AIDEA, Doyon Sign Land Access Agreement, Advancing Ambler Access Project
On April 14 the Board for the Alaska Industrial Development and Export Authority (AIDEA) authorized AIDEA to enter into an agreement with Doyon to conduct final feasibility and permitting activities to advance the Ambler Access Project.
The land access agreement allows AIDEA and its contractors controlled access to land owned and managed by Doyon along the proposed route to the Ambler Mining District. Aidea is working with Ambler Metals via the Development Agreement, signed in February, to collaborate with local stakeholders, landowners, communities, and tribes. The agreement is not a right-of-way agreement and does not convey any longer-term rights to AIDEA or the project.
“While Doyon’s position has not changed with regard to the AMDIAP project—we are neither supporters nor opponents—we have reached agreement on providing AIDEA access to some of our lands for field studies,” says Aaron Schutt, president and CEO of Doyon.
“We look forward to local communities and our Doyon shareholders benefiting economically from the work to be done this summer season.”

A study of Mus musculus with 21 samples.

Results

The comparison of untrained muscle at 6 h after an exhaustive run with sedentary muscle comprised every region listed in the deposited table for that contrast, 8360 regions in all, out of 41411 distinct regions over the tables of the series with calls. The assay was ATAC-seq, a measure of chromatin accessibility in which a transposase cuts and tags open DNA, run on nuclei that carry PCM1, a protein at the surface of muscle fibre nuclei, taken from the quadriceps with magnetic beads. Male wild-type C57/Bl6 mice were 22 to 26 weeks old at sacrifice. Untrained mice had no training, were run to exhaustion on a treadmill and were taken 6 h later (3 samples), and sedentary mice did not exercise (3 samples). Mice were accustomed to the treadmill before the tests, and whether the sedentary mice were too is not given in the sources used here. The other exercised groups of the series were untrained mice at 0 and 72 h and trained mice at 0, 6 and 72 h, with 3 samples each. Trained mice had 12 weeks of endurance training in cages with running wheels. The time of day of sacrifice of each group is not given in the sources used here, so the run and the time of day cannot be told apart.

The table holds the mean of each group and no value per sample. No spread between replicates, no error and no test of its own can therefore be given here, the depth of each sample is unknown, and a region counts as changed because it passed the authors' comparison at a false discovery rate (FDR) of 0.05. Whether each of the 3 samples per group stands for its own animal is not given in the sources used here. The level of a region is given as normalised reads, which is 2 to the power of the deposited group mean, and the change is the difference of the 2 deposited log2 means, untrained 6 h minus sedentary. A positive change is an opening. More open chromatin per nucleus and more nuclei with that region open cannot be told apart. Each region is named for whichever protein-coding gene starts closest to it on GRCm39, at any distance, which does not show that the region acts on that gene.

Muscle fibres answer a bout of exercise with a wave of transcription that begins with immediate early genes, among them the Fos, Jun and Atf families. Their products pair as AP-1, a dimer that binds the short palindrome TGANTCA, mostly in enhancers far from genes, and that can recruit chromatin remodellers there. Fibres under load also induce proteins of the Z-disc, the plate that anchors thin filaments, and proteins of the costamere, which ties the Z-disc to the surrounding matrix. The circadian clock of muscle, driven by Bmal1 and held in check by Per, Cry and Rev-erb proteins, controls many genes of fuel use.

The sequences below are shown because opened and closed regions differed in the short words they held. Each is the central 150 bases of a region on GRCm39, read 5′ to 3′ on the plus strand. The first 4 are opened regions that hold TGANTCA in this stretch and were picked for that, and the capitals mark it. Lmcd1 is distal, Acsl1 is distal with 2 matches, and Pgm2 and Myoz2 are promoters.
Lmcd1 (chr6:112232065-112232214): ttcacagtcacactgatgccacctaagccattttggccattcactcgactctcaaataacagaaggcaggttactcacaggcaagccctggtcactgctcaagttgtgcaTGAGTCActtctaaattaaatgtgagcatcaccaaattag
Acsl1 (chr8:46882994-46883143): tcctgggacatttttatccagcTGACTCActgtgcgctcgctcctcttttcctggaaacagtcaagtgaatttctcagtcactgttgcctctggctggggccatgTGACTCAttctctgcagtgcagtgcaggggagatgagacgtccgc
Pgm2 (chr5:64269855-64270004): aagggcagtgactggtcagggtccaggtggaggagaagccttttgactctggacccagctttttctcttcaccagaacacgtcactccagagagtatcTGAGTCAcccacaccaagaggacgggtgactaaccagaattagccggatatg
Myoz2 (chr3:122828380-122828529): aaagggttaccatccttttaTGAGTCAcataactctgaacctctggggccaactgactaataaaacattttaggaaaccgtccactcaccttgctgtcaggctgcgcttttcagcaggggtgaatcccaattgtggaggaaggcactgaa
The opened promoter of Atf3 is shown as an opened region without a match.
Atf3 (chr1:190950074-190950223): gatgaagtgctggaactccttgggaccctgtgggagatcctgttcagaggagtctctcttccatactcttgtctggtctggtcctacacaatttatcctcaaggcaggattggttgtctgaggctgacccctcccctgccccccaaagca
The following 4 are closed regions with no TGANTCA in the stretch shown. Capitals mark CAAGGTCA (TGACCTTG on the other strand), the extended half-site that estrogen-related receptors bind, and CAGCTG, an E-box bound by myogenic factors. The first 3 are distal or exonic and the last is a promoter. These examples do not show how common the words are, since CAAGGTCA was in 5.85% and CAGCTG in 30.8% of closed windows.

The Ambler Access Project is currently in the final feasibility and permitting phase following seven years of an extensive federal permitting process, as required by the Alaska National Interest Lands Conservation Act (ANICLA).
The AIDEA baord also approved the proposed plan and budget for summer field season activities and services up to $13 million. This cost will be shared 50/50 by AIDEA and Ambler Metals under the Development Agreement.
“I am encouraged with the progress we are making on the project with the approval of this year’s budget and the land access agreement with Doyon. These are positive steps that attest to our solid public/private partnership with AIDEA and to the healthy collaboration we have with our key stakeholders,” says Ramzi Fawaz, president and CEO of Ambler Metals.
The Ambler Access Project is a proposed 211-mile, east/west running controlled industrial access road that would provide industrial access to the Ambler Mining District in northwestern Alaska. The area currently lacks the transportation infrastructure necessary for the development, construction, and operations of mines in the district. The Ambler Mining District is one of the largest copper-zinc mineral belts in the world and has extensive deposits of other minerals such as gold, silver, lead, and cobalt.
In This Issue
Meeting in the Middle
In January, when the Biden administration announced its ban on the future sale of oil and gas leases on federal land, the news understandably ruffled the collective feathers of Alaska’s oil and gas industry.